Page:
New Zealand Culture

New Zealand Global Holiday Packages

New Zealand Culture

New Zealand has a clean natural and untouched environment. The snow covered Southern Alps and glacial formed lakes and fiords provide spectacular scenery. New Zealand tourism industry focuses largely upon the natural environment. Visitors often comment on New Zealand culture as being friendly and their

Maori Haka Dance

Maori Haka Dance

welcoming attitudes, which may stem from a fairly small population living, by world standards, in good quality housing, in small cities that are not yet affected to a large amount of congestion or widespread crime, and with easy access to a superb natural environment  New Zealanders also like to travel abroad extensively. There are some social distinctions based on wealth, occupation and race, but there is no class difference system in New Zealand.

In 1769 Captain James Cook charting of the main islands paved the way for sealing and the whaling industry. Hard and unruly conditions and the concerns of missionaries over friction with Maoris and the threat of annexation by the French prompted the British in 1840, to declare New Zealand a colony. At Waitangi in the Bay of islands, a treaty was signed between the British Crown represented by a royal navy party and a number of Maori Chiefs which was to provide for protection of the Mouri’s and their natural resources. Mouri meeting houses or communal meeting houses and store houses have single gable roofs supported on posts sunk in the ground and are elaborately carved .The porch bargeboards symbolize the arms of ancestors, the ridgepole the tribal backbone and the rafters the ribs of family lineage. Many older houses have been restored. Song and dance are an important feature of Maori life. They are performed on various occasions by both men and women . The poi dance with its graceful movements is restricted to women.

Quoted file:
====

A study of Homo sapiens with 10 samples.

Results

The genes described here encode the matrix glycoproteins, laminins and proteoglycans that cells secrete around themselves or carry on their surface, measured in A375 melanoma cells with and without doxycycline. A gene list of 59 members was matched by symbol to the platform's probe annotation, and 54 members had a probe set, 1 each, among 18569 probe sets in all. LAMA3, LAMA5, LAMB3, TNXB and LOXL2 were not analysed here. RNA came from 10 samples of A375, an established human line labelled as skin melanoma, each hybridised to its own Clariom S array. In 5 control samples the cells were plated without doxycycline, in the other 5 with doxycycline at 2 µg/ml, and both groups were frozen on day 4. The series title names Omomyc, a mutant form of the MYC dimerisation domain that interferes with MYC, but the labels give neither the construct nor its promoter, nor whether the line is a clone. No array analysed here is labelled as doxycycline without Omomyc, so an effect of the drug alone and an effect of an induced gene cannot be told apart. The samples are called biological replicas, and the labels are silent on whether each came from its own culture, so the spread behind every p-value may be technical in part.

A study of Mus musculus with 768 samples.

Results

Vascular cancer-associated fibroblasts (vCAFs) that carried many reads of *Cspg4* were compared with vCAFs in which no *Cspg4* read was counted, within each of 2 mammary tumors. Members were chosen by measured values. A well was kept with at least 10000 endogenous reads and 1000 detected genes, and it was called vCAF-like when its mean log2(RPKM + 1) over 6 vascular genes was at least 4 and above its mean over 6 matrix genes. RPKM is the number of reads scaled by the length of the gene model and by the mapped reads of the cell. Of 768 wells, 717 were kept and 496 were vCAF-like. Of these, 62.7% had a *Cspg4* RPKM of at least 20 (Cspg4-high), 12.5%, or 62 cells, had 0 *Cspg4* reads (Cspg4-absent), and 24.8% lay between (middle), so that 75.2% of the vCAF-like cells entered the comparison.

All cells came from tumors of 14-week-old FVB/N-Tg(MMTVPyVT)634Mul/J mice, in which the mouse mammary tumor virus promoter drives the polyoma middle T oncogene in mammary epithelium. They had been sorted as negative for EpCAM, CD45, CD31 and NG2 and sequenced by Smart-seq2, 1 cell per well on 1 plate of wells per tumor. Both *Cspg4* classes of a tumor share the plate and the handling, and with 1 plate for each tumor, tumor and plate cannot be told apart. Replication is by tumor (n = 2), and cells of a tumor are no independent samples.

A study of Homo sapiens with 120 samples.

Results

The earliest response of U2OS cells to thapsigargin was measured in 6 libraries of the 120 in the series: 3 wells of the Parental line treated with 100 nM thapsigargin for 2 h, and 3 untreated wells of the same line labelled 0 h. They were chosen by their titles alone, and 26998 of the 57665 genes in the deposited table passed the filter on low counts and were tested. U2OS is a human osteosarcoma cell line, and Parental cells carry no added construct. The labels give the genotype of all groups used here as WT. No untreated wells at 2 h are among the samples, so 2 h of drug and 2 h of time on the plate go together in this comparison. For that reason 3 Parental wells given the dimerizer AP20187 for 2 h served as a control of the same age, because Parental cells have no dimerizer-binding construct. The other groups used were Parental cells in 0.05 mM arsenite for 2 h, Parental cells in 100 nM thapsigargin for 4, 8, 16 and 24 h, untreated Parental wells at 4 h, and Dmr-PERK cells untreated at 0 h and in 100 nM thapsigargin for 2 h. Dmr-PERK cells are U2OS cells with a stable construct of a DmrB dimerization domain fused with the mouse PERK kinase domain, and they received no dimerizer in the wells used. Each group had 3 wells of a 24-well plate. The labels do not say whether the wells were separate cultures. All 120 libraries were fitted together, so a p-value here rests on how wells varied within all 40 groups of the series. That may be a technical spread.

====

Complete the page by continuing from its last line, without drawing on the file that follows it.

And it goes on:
One of the dances is a war dance called the Haka, performed by men . Eyes and tongues protrude in a threatening and gesture of defiance.

New Zealanders take pride in their history of social reform. The first country in the world to allow woman to vote in 1893, New Zealand established compulsory, free schooling by 1877, and by 1938 a free health system and a liberal social welfare structure. No sport has such an effect on New Zealanders life as rugby union . Imported from England in the 1870’s, the sport was taken up with alacrity by New Zealanders especially Maoris and recently Polynesian islanders. The standard beaters for rugby are the famous All Blacks a name that is widely synonymous with rugby.